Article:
Michael Phelps, the eight-time gold medalist in Beijing, has won more gold than any Olympic athlete ever. Just because the torch has been extinguished, though, doesn't mean Phelps' gold rush is over.
Actually, the gold mining has only just begun.
"If you're Michael Phelps, sitting there with those eight gold medals, the gold is just waiting to be cashed in, and the answer is yes he will," said Christine Brennan, USA Today columnist and ABC News sports consultant.
When the Beijing Olympics kicked off Aug. 8, Phelps was already cashing in. He'd earned a reported $5 million annually from endorsements for Visa, PowerBar, Omega, AT&T and Speedo.
Ryan Schinman, a sports marketing consultant and CEO of Platinum Rye Entertainment, told ABC News, "Most major corporations, whether it is an AT&T, Visa or Speedo, they are looking years in advance who to attach themselves to in these Olympic Games. By the time the Olympics come around, they have a game plan."
Speedo had a strategy in place indeed. In the middle of his quest for eight gold medals in Beijing, Phelps received a widely publicized $1 million bonus from Speedo for his effort in breaking Mark Spitz's 36-year-old record of seven in one Olympic Games.
Now that Phelps has won all eight, many in the sports marketing industry believe Phelps' corporate income could set new records. Many major corporations have jumped on the gold medal bandwagon.
Phelps is on his way to your breakfast table. Kellogg's, the cereal company, is featuring the eight-time gold medal-winning swimmer on special edition boxes of Corn Flakes and Frosted Flakes. They are expected to hit shelves across to the United States in mid-September.
Visa also hasn't wasted anytime launching advertisements in Beijing and the United States featuring Phelps in and out of the pool.
Phelps isn't the only champion taking advantage of his athletic feats. Shortly after American gymnast Nastia Liukin took gold in all-around gymnastics, Visa showed her its brand-new limited edition credit card with a picture of her leaping across it. Liukin is loving it.
"This is so cool," she exclaimed when ABC News showed her the card. Visa says the card will be made available to customers throughout the United States this fall.
Sometimes when athletes win on the world stage, their corporate sponsors also come away extra lucky.
Three-time Olympic champion Usain Bolt is the perfect example. Following his 100-meter record-breaking win, Bolt pulled off his gold Puma running shoes. When he held up his shoes for the crowd, cameras zoomed in and Puma scored a priceless advertisement that surely made Nike and Adidas cringe.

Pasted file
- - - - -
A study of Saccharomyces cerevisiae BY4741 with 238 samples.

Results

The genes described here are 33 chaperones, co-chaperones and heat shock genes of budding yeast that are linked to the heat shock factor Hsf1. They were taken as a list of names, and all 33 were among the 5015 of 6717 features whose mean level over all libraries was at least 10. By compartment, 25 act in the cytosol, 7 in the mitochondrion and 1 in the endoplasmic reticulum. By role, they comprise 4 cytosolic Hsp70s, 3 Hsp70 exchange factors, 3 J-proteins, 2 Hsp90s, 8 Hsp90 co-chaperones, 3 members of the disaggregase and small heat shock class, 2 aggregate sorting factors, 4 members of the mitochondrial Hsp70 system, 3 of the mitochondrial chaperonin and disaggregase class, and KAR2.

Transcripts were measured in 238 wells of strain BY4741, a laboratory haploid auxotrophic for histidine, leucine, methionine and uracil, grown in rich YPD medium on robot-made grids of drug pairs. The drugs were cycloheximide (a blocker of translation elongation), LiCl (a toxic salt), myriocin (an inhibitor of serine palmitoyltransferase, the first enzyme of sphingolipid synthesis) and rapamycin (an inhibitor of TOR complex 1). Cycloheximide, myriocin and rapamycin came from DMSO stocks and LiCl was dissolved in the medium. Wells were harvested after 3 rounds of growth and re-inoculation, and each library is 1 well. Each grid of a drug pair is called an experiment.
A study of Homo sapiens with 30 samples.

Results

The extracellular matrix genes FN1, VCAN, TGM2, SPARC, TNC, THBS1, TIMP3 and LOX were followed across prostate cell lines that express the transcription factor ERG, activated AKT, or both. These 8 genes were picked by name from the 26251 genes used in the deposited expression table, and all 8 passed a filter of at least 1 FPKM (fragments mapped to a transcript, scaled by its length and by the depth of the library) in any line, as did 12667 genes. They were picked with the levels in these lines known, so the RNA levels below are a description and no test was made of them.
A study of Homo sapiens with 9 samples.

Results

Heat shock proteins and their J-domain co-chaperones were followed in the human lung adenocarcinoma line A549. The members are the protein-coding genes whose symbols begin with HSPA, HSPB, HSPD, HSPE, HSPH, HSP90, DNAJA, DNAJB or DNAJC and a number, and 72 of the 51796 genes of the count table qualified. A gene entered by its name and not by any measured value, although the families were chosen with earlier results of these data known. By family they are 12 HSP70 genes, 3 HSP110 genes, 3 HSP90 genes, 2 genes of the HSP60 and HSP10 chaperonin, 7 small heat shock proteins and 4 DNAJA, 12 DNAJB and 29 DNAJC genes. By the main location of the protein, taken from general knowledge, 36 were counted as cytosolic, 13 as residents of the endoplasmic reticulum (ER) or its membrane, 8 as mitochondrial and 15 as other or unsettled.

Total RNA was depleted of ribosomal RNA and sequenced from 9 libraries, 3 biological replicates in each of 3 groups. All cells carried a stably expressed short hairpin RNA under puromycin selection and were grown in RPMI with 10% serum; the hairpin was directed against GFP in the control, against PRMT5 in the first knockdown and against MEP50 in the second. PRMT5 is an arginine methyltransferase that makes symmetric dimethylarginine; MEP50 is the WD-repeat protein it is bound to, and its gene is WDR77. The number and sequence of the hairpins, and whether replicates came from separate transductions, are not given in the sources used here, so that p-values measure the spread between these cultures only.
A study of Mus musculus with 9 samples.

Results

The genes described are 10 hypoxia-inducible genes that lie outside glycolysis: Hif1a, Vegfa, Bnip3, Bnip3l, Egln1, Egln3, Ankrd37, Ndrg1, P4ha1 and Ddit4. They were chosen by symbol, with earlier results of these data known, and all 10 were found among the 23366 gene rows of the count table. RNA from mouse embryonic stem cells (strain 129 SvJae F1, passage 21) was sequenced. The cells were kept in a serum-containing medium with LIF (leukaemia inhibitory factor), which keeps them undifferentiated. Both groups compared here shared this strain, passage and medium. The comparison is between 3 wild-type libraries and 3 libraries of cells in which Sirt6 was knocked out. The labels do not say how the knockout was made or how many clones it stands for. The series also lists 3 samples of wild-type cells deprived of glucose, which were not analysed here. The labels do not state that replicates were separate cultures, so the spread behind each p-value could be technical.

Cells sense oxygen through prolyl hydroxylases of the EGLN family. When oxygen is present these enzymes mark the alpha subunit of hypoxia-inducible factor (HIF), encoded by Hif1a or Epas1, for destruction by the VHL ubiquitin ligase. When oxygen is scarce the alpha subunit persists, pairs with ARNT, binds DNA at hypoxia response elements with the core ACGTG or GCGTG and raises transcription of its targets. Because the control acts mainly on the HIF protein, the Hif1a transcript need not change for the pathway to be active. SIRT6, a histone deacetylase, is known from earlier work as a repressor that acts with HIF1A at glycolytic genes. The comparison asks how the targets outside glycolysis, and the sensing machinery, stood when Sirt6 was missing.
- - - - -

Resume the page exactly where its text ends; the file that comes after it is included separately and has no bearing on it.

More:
"When they have a deal with a gentleman like Bolt who wears gold Puma sneakers, then takes them off after the race and shows them to the world, they just picked the right guy and he ultra-performed," sports marketing consultant Schinman explained to ABC News.
Puma is the first and the beginning what probably will be a cascade of sponsorship deals for Bolt.
"Take a look at what he is all about. Fast. What comes to mind you have watches, you have energy drinks," Schinman said. "You have that big smile maybe someone like Crest says, 'That's [the] smile I want behind my white strips.'"
Athletes Tread Carefully
However, not every gold medalist lives the sponsorship fairy tale. A champion who might seem monumentally important during the Olympics sometimes fades out of public view.
For example, take Mary Lou Retton and Carly Patterson. Retton captured gold in 1984 and 24 years later remains a household name. Patterson also won the gold in women's gymnastics four years ago but hasn't had the same staying power.
In general, Americans have short memories. Will they remember the newly crowned gymnastics champion Nastia Liukin next year? It's a question that every champion and agent must consider in the afterglow of the Games.
Athletes and agents are well aware of the possibility of obscurity, and Phelps and his team are trying to make sponsorship decisions carefully. Surely it will be difficult for the eight-time gold medalist to completely fade away, but maximizing his star power in the long run is a different challenge.
For Phelps, appearances and endorsement possibilities have undoubtedly been flying from all directions. Phelps and his agent, Peter Carlisle at Octagon, are thinking carefully about their next steps to balance his clean-cut American image and cash in on one of the best sports marketing opportunities in history.
Carlisle told The Wall Street Journal last week that he expects Phelps' current annual earnings to at least double.
"What is the value of eight golds in Beijing before a prime-time audience in the U.S?" Carlisle told the newspaper. "I'd say $100 million over the course of his lifetime."
Phelps and Retton before him are two of a long series of American athletes who have taken advantage of their Olympic success. Many athletes, like decathlete Olympic champion Bruce Jenner, have made careers out of their Olympic fame.
American track star Carl Lewis has done the same. Twelve years after winning his last gold medal, Lewis came to Beijing to root for American athletes, and to promote McDonald's and their Champion Kids program.
At the fast food chain's promotional event, Lewis talked to children about what makes a champion and how one day he hoped to see the children racing on the track or winning in the Olympic pool.
"One day some of these kids are going to be Olympians and I will be excited to watch that," he told ABC News.
In the meantime, McDonald's is more than happy to watch Lewis in action.
Soon, Lewis will be joined by another Olympic champion, Phelps, and together the famous Olympians will continue mining more gold from their hard-won medals.